Join Date: Jun 2008
Posts: 57
Questions about growing things in Florida.....

I plan to start a cool weather vegetable garden. Currently the things I want to grow in it are:

lettuce (romaine)
sugar snap peas

I know there are two varieties of onions with gardening, long day and short day. One needs more hours of sunlight then another. I know with the types of onions, there are generally three different varieties: red, yellow (sweet), and white. However, which variety is best suited to grow in Florida: red, yellow, or white? I'd like to grow either yellow or red.

Also, I've run across two varieties of peas that can be grown in Florida:southern cow and regular peas (English peas). According to a planting guide I've found for southern Florida, English peas are supposed to be grown September-February, and southern peas are supposed to be grown February-April. Are sugar snap peas classified as English peas or southern peas?

The other question I have is about tomatoes. Once again, this is in reference to the planting guide I'm using; it says tomatoes can be grown in August-March in Southern Florida. Is this true? I don't want a huge tomato variety or a tiny tomato variety (like cherry or grape). Somebody recommended to me using a dwarf variety of tomato; what size tomatoes would this plant yield? Would you recommend planting this variety of tomato in Florida? Can somebody recommend a good all-purpose tomato that is relatively easy and simple to grow? Suggestions would be much appreciated regarding this.Can I just use a trellis to train the vines of the tomato plant? I don't plan to grow the tomatoes as part of my plot or in a raised bed, but rather I just have in mind to grow them in 5 gallon containers.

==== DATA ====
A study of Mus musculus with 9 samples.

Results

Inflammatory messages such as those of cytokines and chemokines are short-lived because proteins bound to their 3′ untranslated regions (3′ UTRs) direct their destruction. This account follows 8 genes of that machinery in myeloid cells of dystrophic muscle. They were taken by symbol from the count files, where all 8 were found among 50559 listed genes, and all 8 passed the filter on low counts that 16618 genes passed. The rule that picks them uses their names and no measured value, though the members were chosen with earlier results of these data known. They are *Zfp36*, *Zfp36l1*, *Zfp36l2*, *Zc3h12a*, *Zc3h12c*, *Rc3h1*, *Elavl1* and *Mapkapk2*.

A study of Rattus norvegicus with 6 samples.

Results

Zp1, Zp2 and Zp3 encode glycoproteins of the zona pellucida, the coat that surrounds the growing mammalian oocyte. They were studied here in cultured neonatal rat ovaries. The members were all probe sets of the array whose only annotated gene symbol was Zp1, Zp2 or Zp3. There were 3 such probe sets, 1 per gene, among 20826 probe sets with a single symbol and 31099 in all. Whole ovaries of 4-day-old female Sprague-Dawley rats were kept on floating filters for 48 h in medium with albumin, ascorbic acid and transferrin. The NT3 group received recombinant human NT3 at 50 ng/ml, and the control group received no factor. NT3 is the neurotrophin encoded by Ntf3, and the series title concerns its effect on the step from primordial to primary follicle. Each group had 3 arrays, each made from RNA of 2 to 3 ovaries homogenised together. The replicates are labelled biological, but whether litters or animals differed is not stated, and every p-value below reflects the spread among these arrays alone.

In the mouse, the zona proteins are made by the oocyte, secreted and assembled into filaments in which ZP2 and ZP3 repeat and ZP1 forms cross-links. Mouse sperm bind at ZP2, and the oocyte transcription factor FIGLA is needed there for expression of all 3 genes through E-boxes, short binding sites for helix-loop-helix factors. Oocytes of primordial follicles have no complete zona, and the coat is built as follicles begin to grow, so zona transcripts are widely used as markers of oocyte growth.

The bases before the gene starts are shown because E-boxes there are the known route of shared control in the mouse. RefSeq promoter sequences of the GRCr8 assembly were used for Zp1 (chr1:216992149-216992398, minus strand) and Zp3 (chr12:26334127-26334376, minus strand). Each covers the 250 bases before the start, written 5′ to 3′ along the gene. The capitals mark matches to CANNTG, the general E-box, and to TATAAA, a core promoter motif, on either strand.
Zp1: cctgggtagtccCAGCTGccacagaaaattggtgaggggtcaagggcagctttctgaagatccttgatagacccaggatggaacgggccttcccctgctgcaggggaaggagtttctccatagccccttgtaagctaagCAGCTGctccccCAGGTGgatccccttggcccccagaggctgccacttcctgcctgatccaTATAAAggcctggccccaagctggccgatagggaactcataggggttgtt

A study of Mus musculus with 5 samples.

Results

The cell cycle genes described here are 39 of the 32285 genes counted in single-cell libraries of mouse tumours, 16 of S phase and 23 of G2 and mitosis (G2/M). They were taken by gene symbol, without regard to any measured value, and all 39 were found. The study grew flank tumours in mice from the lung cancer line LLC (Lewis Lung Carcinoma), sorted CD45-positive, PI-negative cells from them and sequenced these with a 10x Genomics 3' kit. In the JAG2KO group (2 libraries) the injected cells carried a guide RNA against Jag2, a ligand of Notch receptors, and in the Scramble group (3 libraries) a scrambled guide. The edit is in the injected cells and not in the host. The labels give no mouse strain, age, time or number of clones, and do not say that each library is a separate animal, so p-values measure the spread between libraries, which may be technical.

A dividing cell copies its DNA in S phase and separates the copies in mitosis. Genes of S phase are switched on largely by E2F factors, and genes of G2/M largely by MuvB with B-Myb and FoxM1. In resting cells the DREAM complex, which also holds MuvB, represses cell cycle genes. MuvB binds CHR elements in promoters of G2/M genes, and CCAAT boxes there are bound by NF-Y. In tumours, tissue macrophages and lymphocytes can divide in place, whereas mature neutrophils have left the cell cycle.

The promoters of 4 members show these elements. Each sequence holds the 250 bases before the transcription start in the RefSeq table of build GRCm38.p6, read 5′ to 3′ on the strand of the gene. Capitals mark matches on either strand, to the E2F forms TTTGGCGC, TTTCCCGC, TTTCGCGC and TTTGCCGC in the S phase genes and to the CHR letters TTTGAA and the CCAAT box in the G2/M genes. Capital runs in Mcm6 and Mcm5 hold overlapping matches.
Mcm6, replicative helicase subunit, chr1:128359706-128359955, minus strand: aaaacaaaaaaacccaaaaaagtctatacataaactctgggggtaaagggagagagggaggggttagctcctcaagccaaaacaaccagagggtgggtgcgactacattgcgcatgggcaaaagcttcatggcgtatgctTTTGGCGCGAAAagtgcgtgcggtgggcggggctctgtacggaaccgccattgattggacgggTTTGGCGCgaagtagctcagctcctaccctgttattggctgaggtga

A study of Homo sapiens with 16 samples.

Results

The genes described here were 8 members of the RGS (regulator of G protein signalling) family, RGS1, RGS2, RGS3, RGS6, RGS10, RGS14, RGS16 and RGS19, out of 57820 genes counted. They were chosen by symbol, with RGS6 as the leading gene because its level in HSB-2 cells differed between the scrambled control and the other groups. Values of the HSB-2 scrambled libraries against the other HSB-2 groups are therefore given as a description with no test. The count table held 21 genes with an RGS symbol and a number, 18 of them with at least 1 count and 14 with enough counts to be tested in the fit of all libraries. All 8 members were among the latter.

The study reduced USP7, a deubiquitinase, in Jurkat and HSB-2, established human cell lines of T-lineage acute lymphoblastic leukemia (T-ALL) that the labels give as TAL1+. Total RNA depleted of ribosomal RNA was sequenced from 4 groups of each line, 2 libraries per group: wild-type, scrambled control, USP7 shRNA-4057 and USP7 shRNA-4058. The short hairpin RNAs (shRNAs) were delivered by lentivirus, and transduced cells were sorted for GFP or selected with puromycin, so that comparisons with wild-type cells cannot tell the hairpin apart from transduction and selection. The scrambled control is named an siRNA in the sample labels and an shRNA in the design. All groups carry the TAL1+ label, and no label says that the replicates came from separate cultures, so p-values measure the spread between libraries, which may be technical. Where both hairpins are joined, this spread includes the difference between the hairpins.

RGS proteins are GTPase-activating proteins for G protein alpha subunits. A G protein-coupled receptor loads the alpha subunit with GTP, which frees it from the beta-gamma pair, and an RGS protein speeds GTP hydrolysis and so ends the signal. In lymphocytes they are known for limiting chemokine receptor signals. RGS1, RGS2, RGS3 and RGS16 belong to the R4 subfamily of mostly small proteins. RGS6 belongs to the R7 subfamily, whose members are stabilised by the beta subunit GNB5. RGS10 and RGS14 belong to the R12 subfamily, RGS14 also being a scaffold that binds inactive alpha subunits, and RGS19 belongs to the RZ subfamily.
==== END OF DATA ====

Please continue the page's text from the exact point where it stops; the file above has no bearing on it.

Executive Chef
Join Date: Apr 2008
Location: Collier County, Fl.
Posts: 4,198
See Your Post Of 6/20-7/05, "raised Bed Gardening, And Today's Post, Design Dimensions For A Plot.

Location: Galena, IL
Posts: 7,970
You do not say where in Florida you are! I lived right on or about the freeze line, near Daytona. All of the ones you mention were great winter crops EXCEPT those that can not take a frost (lettuce in particular). That was a gamble, and if you live in North Florida it is a no-no. I found brocolli and brussels sprouts to be great winter crops. In both Florida and Hawaii I found "sweet 100s" -- cherry tomatoes -- to be the best tomato to grow. Large tomatoes are difficult ... they tend to get a fungus or insects or birds or ... well, you name it, something gets to them before you do.